For almost a year, the community of Cookeville, Tenn., has been embroiled in a vigorous and complicated debate over whether Cookeville General Hospital should be leased or remain under local control and governance. On Nov. 5, the voters of Cookeville will decide the issue. This commentary places the Cookeville situation in a national context.
In the past few years, quests for dominance of local healthcare markets have caused upheavals in the delivery of community-based healthcare. Because of an insatiable desire to grow, hospitals wishing to build large statewide systems have been offering huge, unsolicited amounts of money for small or medium-sized publicly owned hospitals.
For nearly a year, I have been caught up in such a situation, ever since the Cookeville City Council agreed to accept bids for city-owned Cookeville General Hospital, where I am administrator.
As happened in our community, elected officials are often dazzled by dollar signs and lose sight of the long-term effects a sale or lease will have on patients and the community. They're often willing to trade local control of healthcare for the chance to provide other community services without raising taxes.
At first, community hospitals that sought outside buyers or tried to lease were financially weak and looked to new owners for survival. Most of the buyers were for-profit conglomerates. Now, however, as in our situation, not-for-profit corporations also are bidding on community-owned facilities. The more prosperous the hospital, the more desirable it is.
We have tried to assess the long-term economic impact of a sale of our hospital on the Cookeville community. Economists can debate the validity of our consultant's model until the cows come home, but the basic premise is sound: A large urban hospital is going to expect a return on its investment in Cookeville, and that return will come out of our pockets, not theirs. The only difference between for-profits and not-for-profits is the size of the return they expect.
According to our suitors, our 227-bed hospital was worth $16 million in 1989, $65 million in 1993 and $144 million in 1996. In the past four years, our annual earnings have increased to $7.8 million from $1.6 million. Our bond rating has improved to A from A-, and 35 physicians have been recruited to Cookeville. We have been granted four major certificates of need, including a cardiac catheterization lab, a $20 million expansion program, a comprehensive cancer center and, most recently, open-heart surgery services.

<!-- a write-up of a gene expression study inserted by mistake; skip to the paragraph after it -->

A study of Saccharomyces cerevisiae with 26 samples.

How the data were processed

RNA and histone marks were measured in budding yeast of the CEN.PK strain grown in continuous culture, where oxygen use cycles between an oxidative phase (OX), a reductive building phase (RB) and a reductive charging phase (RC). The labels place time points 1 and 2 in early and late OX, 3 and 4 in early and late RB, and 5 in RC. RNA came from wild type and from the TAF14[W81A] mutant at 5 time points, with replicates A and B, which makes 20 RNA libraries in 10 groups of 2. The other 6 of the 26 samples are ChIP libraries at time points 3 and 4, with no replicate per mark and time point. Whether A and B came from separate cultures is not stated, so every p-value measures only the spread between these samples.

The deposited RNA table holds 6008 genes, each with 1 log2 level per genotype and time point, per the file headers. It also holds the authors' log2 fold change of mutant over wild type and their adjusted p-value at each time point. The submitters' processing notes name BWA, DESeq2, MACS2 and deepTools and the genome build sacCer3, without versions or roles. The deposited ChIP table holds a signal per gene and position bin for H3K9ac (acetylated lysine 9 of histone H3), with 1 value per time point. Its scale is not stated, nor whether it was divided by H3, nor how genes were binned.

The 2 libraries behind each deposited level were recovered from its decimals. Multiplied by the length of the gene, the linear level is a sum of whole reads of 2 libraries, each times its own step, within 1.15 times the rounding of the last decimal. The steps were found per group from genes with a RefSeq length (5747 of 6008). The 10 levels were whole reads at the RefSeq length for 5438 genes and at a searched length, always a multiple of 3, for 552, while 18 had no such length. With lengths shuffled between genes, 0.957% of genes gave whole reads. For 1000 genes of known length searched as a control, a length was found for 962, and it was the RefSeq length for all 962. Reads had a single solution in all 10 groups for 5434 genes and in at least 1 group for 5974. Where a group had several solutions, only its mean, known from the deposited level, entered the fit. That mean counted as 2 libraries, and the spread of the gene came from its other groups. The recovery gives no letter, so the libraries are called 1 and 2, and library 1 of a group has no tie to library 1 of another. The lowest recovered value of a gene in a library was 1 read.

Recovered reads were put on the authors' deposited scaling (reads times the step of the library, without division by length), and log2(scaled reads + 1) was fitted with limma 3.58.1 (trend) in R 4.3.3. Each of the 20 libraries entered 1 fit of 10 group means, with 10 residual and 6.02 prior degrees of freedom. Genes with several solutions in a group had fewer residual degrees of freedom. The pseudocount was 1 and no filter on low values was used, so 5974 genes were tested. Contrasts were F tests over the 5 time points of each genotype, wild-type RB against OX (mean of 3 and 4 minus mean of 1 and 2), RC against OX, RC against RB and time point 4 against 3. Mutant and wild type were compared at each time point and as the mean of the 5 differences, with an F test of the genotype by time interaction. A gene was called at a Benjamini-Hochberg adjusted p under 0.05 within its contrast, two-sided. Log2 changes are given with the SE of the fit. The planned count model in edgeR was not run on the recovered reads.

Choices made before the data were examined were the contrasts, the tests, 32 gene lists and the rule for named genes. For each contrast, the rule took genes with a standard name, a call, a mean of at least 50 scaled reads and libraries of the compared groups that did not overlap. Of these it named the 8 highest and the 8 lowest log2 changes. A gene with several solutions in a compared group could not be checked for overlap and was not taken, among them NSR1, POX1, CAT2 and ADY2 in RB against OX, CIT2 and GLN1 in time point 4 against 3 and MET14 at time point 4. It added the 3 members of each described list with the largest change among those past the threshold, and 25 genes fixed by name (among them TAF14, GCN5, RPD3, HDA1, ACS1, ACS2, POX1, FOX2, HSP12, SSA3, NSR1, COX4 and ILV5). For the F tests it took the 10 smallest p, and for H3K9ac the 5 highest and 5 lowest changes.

This is not the first time Cookeville General has been pursued. A consequence of our development as a regional medical referral center has been a greater vulnerability to being placed on the auction block. In an era when any community hospital is eyed as a piece on the chess board, quality institutions with demonstrated profitability at below-market hospital rates are prime takeover targets.
I have been asked how all this affects the way I do my job. MODERN HEALTHCARE recently reported that more than 81% of hospitals report morale problems among their physicians, up from 69% just three years ago. Much of this discontent stems from threats of changes in hospital ownership. The same uncertainty affects hospital employees, who fear that their jobs will be lost or changed.
In a takeover situation, the administrative team has to be more vigilant than ever in communicating the necessary facts to employees and helping them to continue to focus on quality patient care.
Under these trying circumstances, an administrator has to make his best judgment whether patients can be better served under the current structure or under new ownership. I am convinced that local ownership and control is the right path for Cookeville General.
This stance has definitely put me in the hot seat in Cookeville. But I believe that everyone involved should know exactly where the administrator stands. He should demonstrate that through speech and action.
This can be very difficult when an issue becomes highly divisive. Tempers get hot in campaigns where consultants are paid more than $500,000 to get the hospital leased and thousands of dollars are spent by each side on newspaper and radio advertisements. The administrator becomes an easy target when more than $100 million in potential revenues to the city is at stake, and he or she is perceived as the glue holding together the effort to keep the hospital locally owned and controlled.
Several things have come to my mind during this trying journey. One is that healthcare ownership and control should be local. Another is that in the last few years the patient has been taken out of the spotlight in our healthcare system and must be reintroduced as the central focus. Third, although some hospitals are owned by governmental entities, they really belong to the people who depend upon and use them when they are sick and hurting and looking for help. Fourth, our situation has proved that if you take care of the people, they will take care of "their" hospital's future.
A final observation is that in this great country, working men and women eventually get to voice their opinions, and when given the opportunity, they make the correct decisions, a principle that has held true since America was founded.